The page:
Inclusive Cities and their Role in Development

By 2050, the world population will nearly double what it is right now. That is why inclusive and sustainable cities are so important. Inclusive cities came out of UN Habitat and the idea behind them is that cities need to be more inclusive in their design and infrastructure. This includes more accessible public transportation, and buildings with ramps and elevators that make getting into and around buildings easier for persons with disabilities. In addition to access for persons with physical disabilities, inclusive cities would include speaker systems and screens that announce when public transportation is arriving. That technology is also transferable to other sectors, such as having online systems or digital systems in all public sectors like libraries or hospitals.

Inclusive development and inclusive cities go hand in hand. Part of making the world more inclusive for persons with disabilities is making their environment more accessible. The CRPD requires State Parties to make the lives of persons with disabilities better, and one way would be to increase the accessibility of the environment around them. The CRPD has initiatives that focus on monitoring and evaluating disability-inclusive development. The CRPD is concerned with proper data collecting on persons with disabilities as well as inclusive housing initiatives. Under the CRPD .”..States parties have a general obligation “ to undertake or promote research and development of universally designed goods, services, equipment and facilities, as defined in article 2 of the Convention, which should require the minimum possible adaption and the least cost to meet the specific needs of a person with disabilities.” So the connection between the CRPD and inclusive cities is quite clear. State parties are obligated to make sure that research and money is devoted to advancing the lives of persons with disabilities.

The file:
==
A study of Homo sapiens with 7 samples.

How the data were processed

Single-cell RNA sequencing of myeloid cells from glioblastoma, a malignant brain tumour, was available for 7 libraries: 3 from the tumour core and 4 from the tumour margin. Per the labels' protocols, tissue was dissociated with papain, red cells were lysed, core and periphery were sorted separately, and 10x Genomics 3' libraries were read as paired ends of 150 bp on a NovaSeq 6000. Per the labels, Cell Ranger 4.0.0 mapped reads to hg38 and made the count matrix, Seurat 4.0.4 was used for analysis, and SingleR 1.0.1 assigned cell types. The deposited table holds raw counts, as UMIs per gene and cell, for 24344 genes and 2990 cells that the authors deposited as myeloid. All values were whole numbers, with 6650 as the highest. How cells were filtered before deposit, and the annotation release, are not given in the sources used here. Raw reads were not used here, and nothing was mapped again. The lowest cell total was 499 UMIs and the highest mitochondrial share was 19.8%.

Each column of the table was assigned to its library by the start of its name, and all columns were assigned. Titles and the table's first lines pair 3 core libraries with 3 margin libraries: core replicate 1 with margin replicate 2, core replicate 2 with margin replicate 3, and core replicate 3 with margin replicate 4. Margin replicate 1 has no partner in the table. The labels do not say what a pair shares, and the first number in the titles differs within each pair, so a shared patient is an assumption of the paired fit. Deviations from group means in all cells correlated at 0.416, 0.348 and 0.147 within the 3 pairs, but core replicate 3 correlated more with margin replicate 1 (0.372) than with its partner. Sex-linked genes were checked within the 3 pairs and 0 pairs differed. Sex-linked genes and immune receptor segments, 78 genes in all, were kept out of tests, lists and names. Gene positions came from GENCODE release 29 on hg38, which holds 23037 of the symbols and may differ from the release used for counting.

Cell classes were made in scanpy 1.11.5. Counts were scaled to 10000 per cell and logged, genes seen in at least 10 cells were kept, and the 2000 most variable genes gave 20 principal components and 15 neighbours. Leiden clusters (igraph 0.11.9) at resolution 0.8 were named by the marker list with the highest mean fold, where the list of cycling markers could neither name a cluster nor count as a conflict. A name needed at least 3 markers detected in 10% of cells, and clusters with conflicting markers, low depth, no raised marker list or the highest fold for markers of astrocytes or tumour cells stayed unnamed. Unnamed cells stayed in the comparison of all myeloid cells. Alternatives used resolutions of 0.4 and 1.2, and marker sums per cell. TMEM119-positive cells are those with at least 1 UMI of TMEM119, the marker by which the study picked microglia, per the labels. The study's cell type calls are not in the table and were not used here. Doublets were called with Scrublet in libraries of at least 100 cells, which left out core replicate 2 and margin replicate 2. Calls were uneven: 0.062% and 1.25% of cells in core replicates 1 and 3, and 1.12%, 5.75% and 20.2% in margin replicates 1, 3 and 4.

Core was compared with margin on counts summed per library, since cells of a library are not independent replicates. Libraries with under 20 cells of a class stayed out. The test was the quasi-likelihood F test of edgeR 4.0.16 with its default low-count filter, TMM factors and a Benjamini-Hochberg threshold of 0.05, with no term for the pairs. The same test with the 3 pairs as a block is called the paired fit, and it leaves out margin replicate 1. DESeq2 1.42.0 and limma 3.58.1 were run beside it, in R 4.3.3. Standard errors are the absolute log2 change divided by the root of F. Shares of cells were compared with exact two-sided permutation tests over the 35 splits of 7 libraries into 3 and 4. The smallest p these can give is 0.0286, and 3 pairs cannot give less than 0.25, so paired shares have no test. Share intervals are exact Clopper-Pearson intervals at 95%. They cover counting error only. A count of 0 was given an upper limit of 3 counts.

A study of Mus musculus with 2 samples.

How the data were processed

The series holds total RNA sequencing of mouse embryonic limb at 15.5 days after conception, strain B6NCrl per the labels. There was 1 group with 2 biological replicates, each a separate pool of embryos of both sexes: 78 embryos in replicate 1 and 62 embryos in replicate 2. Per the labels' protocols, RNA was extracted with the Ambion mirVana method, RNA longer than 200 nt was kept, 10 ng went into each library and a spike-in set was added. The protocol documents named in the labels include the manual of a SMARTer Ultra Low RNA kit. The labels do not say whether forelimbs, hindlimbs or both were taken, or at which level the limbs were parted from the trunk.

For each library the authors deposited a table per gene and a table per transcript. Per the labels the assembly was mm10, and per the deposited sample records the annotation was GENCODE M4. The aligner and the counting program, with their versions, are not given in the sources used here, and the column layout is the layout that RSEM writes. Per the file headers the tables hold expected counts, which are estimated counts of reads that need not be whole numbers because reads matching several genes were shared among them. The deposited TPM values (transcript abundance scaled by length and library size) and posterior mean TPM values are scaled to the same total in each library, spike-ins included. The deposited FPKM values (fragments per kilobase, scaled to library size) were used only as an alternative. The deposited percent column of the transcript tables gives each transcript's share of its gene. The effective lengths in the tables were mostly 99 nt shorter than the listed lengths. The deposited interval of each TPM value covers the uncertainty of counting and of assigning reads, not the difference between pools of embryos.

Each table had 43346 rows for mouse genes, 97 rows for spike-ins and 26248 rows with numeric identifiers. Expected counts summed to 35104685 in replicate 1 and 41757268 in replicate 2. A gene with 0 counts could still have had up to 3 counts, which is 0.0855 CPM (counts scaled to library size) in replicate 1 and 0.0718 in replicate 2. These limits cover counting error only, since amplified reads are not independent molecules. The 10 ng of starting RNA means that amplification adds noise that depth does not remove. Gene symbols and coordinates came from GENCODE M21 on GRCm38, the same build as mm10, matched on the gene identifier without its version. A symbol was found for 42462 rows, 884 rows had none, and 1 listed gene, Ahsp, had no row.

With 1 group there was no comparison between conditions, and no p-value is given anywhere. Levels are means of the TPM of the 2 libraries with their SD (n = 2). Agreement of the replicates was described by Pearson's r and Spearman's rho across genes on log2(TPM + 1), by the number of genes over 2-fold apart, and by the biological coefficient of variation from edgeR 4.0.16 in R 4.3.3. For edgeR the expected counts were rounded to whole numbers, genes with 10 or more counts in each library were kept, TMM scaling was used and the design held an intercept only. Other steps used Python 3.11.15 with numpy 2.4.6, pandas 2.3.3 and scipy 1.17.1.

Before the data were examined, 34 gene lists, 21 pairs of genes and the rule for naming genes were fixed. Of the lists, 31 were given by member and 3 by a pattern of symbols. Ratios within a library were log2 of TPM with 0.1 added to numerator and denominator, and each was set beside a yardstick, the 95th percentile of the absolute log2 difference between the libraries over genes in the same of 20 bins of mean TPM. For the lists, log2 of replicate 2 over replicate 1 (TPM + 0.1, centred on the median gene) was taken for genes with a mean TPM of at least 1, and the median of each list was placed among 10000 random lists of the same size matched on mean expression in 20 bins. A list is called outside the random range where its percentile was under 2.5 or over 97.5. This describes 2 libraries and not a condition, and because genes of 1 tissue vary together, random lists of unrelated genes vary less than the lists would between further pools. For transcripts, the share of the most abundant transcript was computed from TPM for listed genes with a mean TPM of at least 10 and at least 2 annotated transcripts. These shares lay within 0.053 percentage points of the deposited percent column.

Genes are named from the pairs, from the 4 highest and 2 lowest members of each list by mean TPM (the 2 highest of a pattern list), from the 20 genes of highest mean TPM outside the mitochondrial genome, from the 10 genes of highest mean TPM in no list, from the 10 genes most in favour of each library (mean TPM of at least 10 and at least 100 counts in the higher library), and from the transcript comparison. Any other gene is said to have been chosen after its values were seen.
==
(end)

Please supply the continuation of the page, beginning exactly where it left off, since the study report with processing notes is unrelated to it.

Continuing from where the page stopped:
Habitat III and the NUA (the outcome document which came out of the H3 conference) are also devoted to inclusive and smart cities. Through the GAP (General Assembly of Partners), a group of 17 constituency groups, of which one is Persons with Disabilities, Habitat III has a direct impact on persons with disabilities. The NUA is implemented at the state and local level at the discretion of the State parties themselves. Local governments play an important role in implementing the NUA and by working at the local level it is easier to introduce new policies that have direct impact on persons with disabilities. The NUA and inclusive cities all have an impact on persons with disabilities and through the GAP, those policies are being further implemented.